Bike - July
for years in a vat of cryogen, the American market Honda CB400F
CB-1 has travelled through time and space to, er, Dorking....
shot Dunstall pipe and a trendy camchain rattle - the business was
a 1977 CB400F2. In fact it was a Fourhundredfour: small, naughty,
all-round and affordable (and Dad's, worst luck).
I'm not sure
what happened next. Honda seemed to go temporarily bonkers and everyone
who liked small, naughty, all-round and affordable motorcycles ended
up on a Yamaha two-stroke twin. The last one to hit the mark being
the RD350N YPVS. And that, so far as the UK was concerned, was that.
In 1989 Honda,
emerging from enclosed discs and other strangeness, did finally
re-invent the much missed CB400F, the CB-1 for short, especially
for the States. It was small, naughty, all-round and affordable
in the best tradition so clearly no-one there would even look at
It looked instead
tailor made for recession-torn Britain so Honda UK imported the
expensive VFR400. Last we heard crates of CB-1s were being hawked
round the planet looking for a market.
Moto Vecchia has found a source of old new ones, crated zero-milers
which for £3495 two whole grand less than a ZXR400 or FZR400
- will pretty much do it all, in a 1989-vintage kind of way. They
have old tyres, USofA spec 55-65-75mph speedos, and always-on headlights
but otherwise have survived both the years and the move to British
CB-1 is uncannily RD350N YPVS. The big head-light, beefy (and cheap)
steel tube perimeter frame, flat-top tank and raised clip-ons lend
a YPVS-look that leaves no doubt as to what Honda wanted from this
bike: four-stroke banditry that's useful for the shops. Everything
ironically that Suzuki failed to get from the 400 Bandit.
is a startling eyeful of polished crankcase covers and countersunk
cap heads - a compact, 16-valve dohc four and precursor to the brilliant
CBR400RR tested last month. Used as a stressed member it's another
399cc revver, with a 55 x 42mm bore and stroke, 11.3:1 compression
ratio and 13,500rpm redline (500rpm shorter than the RR). Moto Vecchia
quotes a peak 56bhp, which is 15 per cent down on the latest racer-rep
400s, and a very credible 29lb.ft at 9500rpm, which is not only
competitive with the newer bikes but has a distinctly early peak
for a 400 four.
is long (40mph at the redline), but the CB bustles happily from
2500rpm without clutch assistance into the meat of its midrange
urge. And in contrast to, say, the much more peaky ZXR400 it gives
far and away its best mid-tacho: short gearing, close ratios, a
tight, precise gearshift and that relatively sensible torque curve
making it a doddle to rush usefully about on. Alternatively - delinquently
- dip the cable clutch at 6000 and it wheelies with more aplomb
than did the YPVS. 100mph comes easily anytime.
There is an
annoying snatch hiding in the driveline, and the throttle action
is sloppy - exactly what you don't want on a bike with virtually
no flywheel effect - and, of course being a microbike it pays for
its midrange with top end fireworks. Where, at ll,000rpm, the previously
tepid ZXR is now setting off towards 140mph, the CB is irritatingly
buzzy and wheezing sadly to 115-ish. And the bigger and heavier
the rider, the slower and peakier and more cramped and unlovely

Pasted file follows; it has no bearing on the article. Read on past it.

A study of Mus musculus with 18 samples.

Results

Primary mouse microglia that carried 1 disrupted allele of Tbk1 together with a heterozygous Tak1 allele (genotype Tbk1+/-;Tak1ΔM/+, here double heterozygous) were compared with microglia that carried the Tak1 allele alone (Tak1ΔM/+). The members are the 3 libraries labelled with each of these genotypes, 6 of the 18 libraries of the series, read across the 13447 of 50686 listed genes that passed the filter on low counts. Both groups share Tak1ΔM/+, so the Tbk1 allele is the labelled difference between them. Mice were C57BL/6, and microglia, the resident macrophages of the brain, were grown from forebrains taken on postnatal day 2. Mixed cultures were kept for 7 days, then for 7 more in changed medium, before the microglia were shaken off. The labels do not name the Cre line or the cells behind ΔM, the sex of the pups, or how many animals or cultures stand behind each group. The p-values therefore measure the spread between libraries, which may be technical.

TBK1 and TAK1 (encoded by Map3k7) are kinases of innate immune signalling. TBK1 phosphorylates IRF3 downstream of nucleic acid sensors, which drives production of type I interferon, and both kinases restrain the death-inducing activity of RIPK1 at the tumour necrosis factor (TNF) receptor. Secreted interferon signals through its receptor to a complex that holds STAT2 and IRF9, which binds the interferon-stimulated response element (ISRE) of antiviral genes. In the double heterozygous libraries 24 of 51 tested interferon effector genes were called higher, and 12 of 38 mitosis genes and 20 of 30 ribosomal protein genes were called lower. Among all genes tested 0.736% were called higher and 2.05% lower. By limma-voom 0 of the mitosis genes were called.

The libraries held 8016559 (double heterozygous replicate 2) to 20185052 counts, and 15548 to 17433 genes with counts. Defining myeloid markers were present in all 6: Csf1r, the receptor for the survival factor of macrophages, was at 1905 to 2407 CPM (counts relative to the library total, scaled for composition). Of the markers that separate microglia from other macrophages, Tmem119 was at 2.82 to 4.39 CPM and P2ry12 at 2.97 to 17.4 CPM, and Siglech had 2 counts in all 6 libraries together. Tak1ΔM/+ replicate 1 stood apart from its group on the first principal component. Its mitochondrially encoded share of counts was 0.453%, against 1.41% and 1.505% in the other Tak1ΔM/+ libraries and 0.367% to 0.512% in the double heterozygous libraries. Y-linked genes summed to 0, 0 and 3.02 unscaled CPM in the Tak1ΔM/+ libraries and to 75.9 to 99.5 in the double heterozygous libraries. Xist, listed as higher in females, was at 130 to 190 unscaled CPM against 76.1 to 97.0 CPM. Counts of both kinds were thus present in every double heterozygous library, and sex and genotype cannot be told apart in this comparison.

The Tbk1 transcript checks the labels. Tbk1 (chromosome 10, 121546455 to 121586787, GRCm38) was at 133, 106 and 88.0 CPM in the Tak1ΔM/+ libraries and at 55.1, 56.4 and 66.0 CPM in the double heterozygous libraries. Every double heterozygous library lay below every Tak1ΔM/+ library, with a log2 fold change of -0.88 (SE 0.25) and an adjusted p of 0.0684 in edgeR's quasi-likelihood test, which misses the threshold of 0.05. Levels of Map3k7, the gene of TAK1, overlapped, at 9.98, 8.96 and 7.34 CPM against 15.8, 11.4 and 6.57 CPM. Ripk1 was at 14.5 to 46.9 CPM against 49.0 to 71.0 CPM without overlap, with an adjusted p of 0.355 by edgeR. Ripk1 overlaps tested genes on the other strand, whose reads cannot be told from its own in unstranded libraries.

the CB-1 becomes.
no 140mph roads on my schedule, I (5ft 6in, ten stone) was right
into it from ride one. A low seat, semi-rearsets and raised clip-ons
successfully recreate the YPVS's thinking-hooligan attack position:
they tip you into the top-whack 115mph breeze - shoulders up, head
down - also give enough leverage and all-round comfort for extended
periods of normality. The motor rustles then sucks hard, barking
through an elegant (non EC 80dB) four-into-one exhaust (that gives
easy-peasy oil-filter access). The wide mirrors blur with revs while
bars and the pegs go live without being tingly. Nice.
though a generation younger than the YPVS, lacks the suspension,
stiffness and general integrity of newer ZXR/FZRs, but it is fun.
A short 1375mm wheel-base and fast-geometry (25.5degrees rake, 99mm
trail) make it a whole lot quicker to turn than an old stroker Yamaha.
The single 310mm disc and twin-piston front caliper are adequate,
nothing grounds out (though it might were the missing mainstand
installed), and so long as you don't go looking for extreme action
of the 1994 variety late-80s wallow and weave don't intrude on the
fun, too much. In fact, in the course of riding to work for a week
I only encountered handling problems at lower speeds. Seventeen-inch
wheels wear hardened old Dunlop K505s whose profiles seem to work
against each other. The non rising-rate cantilever rear suspension
(the matching blue shock is adjustable for preload only) is mushy
with most of its damping very late in the shock's stroke. And at
375lb dry the CB's 25lb too heavy for a 400 really, especially as
the engine is held high and rearward. Result: below 60mph the steering
wanders and understeers and sometimes, always when it's wet, goes
I got used to it. For me, the CB-1 is a reborn Fourhundredfour and,
in spirit at least, a latter day four-stroke YPVS. It goes well,
handles OK, pulls wheelies, flies in the face of what we're told
is good. It is sparse (pre-dating adjustable levers), gimmick-free
and flawed. Moto Vecchia's Jeremy Baker says: "Look, it is
a new bike with a low seat that is cheap to insure, has more useful
torque than most other 400s and costs a lot less too. In short,
this is the type of bike people actually want." Change the
rubber and I would actually want one too.